I intend to apply for a green card in the US after my PhD. I want to use my family name in my publications. However, it's not the same name in my passport (legal name). How difficult will it be to prove that these are my publications when I apply for a green card? Will that be an issue at all?


2 Answers 2


This is partially a legal question and I am not a lawyer, and not an immigration attorney specialized in helping people with getting green cards and citizenship. I can only comment as an immigrant to the US myself and as a letter writer on rare occasions.

Presumably, you will need to address your qualifications sometimes after the Ph.D. when you submit your green card application or citizenship application. For this, you will need to have letters of recommendations. The letters are open to you as -- I think -- you will be the one that has to submit them. (I have written such letters and communicated with the applicant before and after.) Ask one or more of your letter writers to address the fact that you publish under a different name. At least some of the letter writers should comment on your publication record. Your Ph.D. advisor should be one of them. People that cite you, especially with some praise, should be another set of letter writers.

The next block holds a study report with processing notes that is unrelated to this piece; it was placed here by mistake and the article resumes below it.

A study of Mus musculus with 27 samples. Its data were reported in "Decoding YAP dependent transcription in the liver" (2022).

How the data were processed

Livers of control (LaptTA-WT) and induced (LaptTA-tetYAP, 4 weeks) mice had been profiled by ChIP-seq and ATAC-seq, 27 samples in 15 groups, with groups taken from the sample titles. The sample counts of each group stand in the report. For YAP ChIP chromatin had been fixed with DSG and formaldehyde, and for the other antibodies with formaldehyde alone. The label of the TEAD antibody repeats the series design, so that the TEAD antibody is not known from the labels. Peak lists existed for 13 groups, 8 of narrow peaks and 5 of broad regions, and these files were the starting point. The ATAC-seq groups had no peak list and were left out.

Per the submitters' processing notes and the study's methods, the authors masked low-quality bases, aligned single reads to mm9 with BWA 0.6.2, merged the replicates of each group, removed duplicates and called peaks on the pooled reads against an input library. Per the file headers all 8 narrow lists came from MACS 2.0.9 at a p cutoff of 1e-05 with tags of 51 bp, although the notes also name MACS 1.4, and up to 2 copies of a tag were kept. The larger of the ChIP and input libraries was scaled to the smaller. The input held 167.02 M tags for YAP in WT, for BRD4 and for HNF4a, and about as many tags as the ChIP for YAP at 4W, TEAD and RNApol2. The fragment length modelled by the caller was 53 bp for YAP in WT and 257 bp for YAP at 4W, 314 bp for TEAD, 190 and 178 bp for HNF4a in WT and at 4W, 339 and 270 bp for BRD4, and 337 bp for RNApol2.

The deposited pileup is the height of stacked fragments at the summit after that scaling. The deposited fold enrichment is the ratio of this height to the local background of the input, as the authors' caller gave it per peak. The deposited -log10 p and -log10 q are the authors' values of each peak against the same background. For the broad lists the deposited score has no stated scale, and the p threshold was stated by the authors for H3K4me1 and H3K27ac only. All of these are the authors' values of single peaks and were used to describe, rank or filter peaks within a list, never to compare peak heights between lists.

You need to find an immigration attorney or a (retired?) homeland security agent to find out whether they scan your CV for whether your claimed publications are truly yours, but I think that Homeland Security will rely mainly on the letter writers and on your degree to assess your scientific credentials.

Since artistic and scientific pseudonyms are not infrequent, Homeland should be used to them.


You can publish under any name you choose. I recommend consistency, however, unless you publish in more than one field, in which case, consistency within that field. You don't need to use a legal name, nor the name on your passport.

To make it simpler to claim your work, however, you can get an Orcid Identifier and associate that with your work. This won't leave you anonymous, of course, just the opposite.

For green cards and such, you need to comply with legal requirements, of course, but not for authorship.